Research reveals the details of unwanted pursuit.

Key points

  • Research reveals the typical female stalker tends to be single, in her mid-30s, divorced or separated, with a psychiatric diagnosis.
  • The most dangerous subgroup of female stalkers comprises those who stalk ex-sexual partners.
  • The most frequent motive behind a stalking campaign is the desire for a relationship—either to form one or rekindle a past relationship.

You may have heard the exclamation from a friend upon finding an unexpected note or gift on their car windshield from an ex-paramour. “Stalker!” But having prosecuted stalkers for over 20 years, I can tell you, that is not the definition. Stalking generally requires a repeated pattern of behavior coupled with a credible threat of harm.

Nonetheless, we are unnerved by unwanted attention, and unrequited affection. Legal remedies such as restraining orders or stay-away orders are available to address behavior that does not meet the legal definition of stalking.

Men are less likely to report being stalked than women, and some victims do not report at all because they do not recognize stalking behavior. And although statistically most stalkers are men and victims are women,[i] researchers are beginning to recognize the distinctive behaviors of women who stalk men.

"Nice Girls Don’t Stalk"

When we think of female stalkers, most of us remember movies like Fatal Attraction, where Glenn Close relentlessly pursues and terrorizes Michael Douglas, a married man with whom she had a weekend affair. But researchers have identified characteristics of female stalkers as revealed in actual cases rather than Hollywood productions.

J. Reid Meloy et al. (2011) in “The Female Stalker” studied 143 cases, gathered from law enforcement, prosecutorial, and entertainment corporate security files, using the definition of stalking behavior as “two or more unwanted contacts by a subject toward a target that created a reasonable fear in that target.” They describe the typical female stalker as a single woman in her mid-30s, either divorced or separated, who has a psychiatric diagnosis, most frequently a mood disorder. Unlike the stereotype of female stalkers perpetuated by the media, they point out that in fact, she is more likely to pursue a celebrity, stranger, or male acquaintance, rather than a prior sexual partner.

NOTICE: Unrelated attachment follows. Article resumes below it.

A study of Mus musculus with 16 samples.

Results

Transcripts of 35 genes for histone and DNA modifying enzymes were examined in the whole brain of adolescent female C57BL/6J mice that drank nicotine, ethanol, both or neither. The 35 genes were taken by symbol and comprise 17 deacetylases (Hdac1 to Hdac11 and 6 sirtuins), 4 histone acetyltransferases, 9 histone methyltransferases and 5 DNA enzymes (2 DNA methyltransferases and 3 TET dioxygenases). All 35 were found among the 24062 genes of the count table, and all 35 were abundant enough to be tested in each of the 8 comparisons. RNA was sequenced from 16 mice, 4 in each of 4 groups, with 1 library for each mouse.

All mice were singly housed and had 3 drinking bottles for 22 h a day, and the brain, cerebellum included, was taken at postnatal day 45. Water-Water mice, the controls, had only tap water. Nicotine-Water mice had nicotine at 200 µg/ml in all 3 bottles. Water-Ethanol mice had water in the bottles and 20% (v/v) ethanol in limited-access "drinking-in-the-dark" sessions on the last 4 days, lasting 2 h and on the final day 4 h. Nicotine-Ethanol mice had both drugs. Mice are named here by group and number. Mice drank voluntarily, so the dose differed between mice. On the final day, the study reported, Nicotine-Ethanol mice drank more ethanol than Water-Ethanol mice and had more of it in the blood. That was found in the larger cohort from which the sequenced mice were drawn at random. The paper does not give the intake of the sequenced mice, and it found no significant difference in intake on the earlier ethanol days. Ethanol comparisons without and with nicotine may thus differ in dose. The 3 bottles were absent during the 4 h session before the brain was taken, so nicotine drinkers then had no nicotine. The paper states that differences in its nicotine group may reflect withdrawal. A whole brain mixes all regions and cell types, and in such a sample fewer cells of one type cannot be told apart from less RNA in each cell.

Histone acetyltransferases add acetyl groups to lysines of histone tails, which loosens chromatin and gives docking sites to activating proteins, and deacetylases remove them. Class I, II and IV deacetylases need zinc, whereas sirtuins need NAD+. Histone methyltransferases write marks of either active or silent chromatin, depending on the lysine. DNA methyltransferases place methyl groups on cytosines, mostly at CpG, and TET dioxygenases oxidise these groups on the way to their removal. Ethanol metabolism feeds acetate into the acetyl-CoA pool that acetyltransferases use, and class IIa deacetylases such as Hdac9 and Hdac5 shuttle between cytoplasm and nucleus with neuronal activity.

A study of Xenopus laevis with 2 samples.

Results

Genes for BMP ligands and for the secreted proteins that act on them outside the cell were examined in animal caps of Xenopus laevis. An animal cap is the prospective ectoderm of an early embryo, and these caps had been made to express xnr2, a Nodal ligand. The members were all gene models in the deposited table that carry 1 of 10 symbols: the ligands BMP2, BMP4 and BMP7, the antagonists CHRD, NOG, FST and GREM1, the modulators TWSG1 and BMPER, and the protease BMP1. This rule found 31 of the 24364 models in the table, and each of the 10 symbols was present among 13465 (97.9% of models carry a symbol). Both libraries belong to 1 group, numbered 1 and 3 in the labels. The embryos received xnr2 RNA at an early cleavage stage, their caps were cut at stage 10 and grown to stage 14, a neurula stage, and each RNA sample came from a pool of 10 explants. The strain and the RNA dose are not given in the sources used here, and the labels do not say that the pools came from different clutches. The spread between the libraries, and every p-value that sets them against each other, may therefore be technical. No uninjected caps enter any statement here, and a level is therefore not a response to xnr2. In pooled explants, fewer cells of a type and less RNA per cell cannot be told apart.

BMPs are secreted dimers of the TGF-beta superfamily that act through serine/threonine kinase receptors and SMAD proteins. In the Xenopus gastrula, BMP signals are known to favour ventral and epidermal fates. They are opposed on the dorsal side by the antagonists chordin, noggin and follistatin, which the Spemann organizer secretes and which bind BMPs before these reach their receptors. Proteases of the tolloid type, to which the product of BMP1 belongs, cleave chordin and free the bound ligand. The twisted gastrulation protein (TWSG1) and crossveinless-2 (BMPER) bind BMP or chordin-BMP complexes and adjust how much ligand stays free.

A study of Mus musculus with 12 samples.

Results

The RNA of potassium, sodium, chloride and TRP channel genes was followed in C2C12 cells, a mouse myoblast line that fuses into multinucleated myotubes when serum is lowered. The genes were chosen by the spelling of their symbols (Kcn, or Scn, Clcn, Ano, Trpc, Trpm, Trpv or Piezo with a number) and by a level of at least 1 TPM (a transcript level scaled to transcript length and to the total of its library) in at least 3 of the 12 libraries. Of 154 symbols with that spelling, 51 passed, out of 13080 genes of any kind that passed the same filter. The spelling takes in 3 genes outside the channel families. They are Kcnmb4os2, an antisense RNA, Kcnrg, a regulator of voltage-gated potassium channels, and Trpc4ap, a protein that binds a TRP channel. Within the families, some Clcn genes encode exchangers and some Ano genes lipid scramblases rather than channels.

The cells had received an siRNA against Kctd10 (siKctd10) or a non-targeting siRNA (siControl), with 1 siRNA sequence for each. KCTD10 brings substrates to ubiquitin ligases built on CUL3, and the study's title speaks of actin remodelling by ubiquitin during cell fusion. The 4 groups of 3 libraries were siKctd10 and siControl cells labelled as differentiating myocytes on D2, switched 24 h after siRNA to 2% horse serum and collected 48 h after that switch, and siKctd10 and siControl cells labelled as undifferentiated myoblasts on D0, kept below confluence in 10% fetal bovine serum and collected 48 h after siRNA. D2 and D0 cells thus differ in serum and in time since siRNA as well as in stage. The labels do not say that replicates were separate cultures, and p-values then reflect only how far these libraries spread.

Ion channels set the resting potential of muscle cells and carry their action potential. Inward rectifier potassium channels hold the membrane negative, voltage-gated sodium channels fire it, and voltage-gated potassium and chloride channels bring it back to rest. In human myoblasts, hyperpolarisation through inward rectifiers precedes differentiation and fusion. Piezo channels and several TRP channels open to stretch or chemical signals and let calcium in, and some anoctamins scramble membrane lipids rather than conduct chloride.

They note, however, that the existence of a prior relationship with the victim, whether sexually intimate or as an acquaintance, significantly increased the frequency of violence and threats. Indeed, Meloy et al. found that the most dangerous subgroup was female stalkers who stalked ex-sexual partners; most of them both threatened and were physically violent toward their victims. The least dangerous type of female stalker is the one who targeted Hollywood celebrities. (Remember the woman who repeatedly broke into David Letterman’s home, believing she was his wife?)[ii]

Compared with male counterparts, women stalkers were less violent or threatening and far less likely to have criminal histories. Regarding pursuit behavior, for women, it was less proximity-based, and in terms of communications, they were described as more benign than male stalkers.

But why do they do it at all?

Why Do Women Stalk Men?

Acquadro Maran et al. (2020) [iii] note that research has revealed that in most cases, men are stalked by women. They note that according to research findings, the most frequent motive behind a stalking campaign is the desire for a relationship—either to form one or rekindle a past relationship. Regarding the nature of past relationships that lead to stalking behavior, they note that most cases where the stalker was an ex-partner involved a history of reported abuse.

Anecdotally, many men report noticing red flags early on in a relationship—a propensity to unrealistic expectations, explosive or controlling behavior, an inability to handle rejection. Sometimes this behavior is downplayed or ignored, resulting in an escalation of increasingly inappropriate conduct.

Taken in combination with some of the empirically validated findings, stalking victims are encouraged to report their victimization. Many stalkers do not change their stripes, only the object of their obsession. Identifying stalkers early also may facilitate intervention strategies designed to interrupt the destructive pattern of behavior and prevent future victims.

Facebook image: yamasan0708/Shutterstock


[i] J. Reid Meloy, Ph.D. , Kris Mohandie, Ph.D. and Mila Green, Ph.D., “The Female Stalker,” Behavioral Sciences and the Law, (2011), DOI: 10.1002/bsl.976.


[iii] Acquadro Maran, Daniela, Antonella Varetto, Ilenia Corona, and Maurizio Tirassa. 2020. “Characteristics of the Stalking Campaign: Consequences and Coping Strategies for Men and Women That Report Their Victimization to Police.” PLoS ONE 15 (2). doi:10.1371/journal.pone.0229830.